Industry has come up with a Scalia-like argument to fight the proposed climate regulations for existing power plants. The problem arises because Congress passed two different versions of section 111(d) without realizing it. The Senate version clearly gives EPA the authority to regulate CO2 under this provision. But opponents of regulation argue that the House version is controlling and that its language doesn’t allow EPA to regulate. The reason, they say, is that the House version exempts sources that are regulated under section 112, which includes power plants (and just about everything else you can think of). This is a clever argument, though maybe too clever by half.
There are a number of possible responses to this argument, but EPA has come up with a particularly nifty one. The challengers’ argument is very formalist — nobody really believes that Congress meant to gut section 111(d); it’s a testualist argument based on textual arguments. “You want textual arguments?,” EPA said in effect, “We’ll give you textual arguments.” If you read the House version really carefully, it actually means that opposite of what the opponents say!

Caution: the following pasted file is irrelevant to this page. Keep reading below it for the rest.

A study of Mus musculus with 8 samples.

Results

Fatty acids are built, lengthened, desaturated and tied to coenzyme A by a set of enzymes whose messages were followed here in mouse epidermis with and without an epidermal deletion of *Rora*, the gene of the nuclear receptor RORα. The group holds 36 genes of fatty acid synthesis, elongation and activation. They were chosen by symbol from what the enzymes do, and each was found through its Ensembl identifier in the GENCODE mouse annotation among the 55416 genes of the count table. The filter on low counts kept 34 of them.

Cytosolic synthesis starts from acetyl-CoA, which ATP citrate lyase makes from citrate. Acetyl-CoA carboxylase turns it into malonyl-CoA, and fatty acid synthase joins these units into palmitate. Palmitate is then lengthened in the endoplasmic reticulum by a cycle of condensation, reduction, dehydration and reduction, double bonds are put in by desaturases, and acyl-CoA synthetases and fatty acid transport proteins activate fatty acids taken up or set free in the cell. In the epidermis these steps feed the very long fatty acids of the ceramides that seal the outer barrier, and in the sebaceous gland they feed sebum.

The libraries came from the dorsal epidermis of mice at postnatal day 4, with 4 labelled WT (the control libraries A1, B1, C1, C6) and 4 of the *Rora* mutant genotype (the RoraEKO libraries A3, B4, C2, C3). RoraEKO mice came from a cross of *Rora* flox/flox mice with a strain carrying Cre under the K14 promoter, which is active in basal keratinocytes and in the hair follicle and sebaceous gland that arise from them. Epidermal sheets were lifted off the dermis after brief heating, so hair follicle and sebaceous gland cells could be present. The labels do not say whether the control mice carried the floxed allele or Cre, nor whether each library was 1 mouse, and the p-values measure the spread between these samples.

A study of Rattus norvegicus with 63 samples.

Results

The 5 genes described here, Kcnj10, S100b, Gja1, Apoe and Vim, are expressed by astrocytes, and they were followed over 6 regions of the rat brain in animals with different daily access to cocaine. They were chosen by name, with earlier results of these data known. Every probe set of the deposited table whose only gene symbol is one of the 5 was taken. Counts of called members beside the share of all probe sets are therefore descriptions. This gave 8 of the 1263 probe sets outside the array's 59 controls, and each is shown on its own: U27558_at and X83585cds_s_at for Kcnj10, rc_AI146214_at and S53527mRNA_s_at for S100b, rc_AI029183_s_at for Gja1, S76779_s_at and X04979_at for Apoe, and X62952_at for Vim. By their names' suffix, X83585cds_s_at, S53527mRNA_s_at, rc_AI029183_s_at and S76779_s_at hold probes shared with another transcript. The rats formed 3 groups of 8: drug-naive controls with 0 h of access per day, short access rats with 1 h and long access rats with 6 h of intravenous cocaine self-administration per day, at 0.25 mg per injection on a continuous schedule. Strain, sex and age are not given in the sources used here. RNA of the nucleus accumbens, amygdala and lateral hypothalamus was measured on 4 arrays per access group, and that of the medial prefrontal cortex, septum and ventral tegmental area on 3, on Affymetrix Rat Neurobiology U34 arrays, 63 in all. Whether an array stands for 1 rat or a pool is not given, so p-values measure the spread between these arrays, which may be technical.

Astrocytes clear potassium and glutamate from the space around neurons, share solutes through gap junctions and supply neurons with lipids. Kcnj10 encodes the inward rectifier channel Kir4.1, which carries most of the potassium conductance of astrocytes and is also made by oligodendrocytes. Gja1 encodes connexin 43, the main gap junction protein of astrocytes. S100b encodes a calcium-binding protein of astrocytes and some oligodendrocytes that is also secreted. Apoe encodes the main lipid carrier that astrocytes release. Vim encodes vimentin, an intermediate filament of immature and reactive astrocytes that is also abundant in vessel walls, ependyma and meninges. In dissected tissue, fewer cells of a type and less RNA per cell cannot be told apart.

The House version says that EPA can use 111(d) “for any existing source for any air pollutant for which air quality criteria have not been issued or which is not included on a list published under section 7408(a) or emitted from a source category which is regulated under section 7412. [a/k/a section 112].” If you read this language quickly, it seems to support the challengers. But EPA points out two reasons why that’s wrong.
First, the House used “or”, not “and,” to describe the categories: a pollutant has been covered if any of the three categories apply. Greenhouse gases indisputably fall in the first category. Hence they’re covered by section 111(d). QED.
Second, the first two categories have “nots” in them, but the third one doesn’t. It says a pollutant is covered if it is “emitted from a source category which is regulated under [section 112].” Since power plants are regulated under section 112, the plain language of the House version says that they’re covered by the section 111(d) as well. Game over, Justice Scalia, the text is clear.
Of course, the House probably didn’t mean that either. The House language is clumsy, but most likely the House meant the same thing as the Senate.. Section 111(d) is a fallback provision. When EPA imposes regulations for emissions for a pollutant from a category of new sources, and those same emissions aren’t regulated elsewhere, then section 111(d) comes into apply. We can all play games with dictionaries and grammar books to support our views. But wouldn’t it be simpler just to give the statute a sensible interpretation? The answer to that seems pretty clear.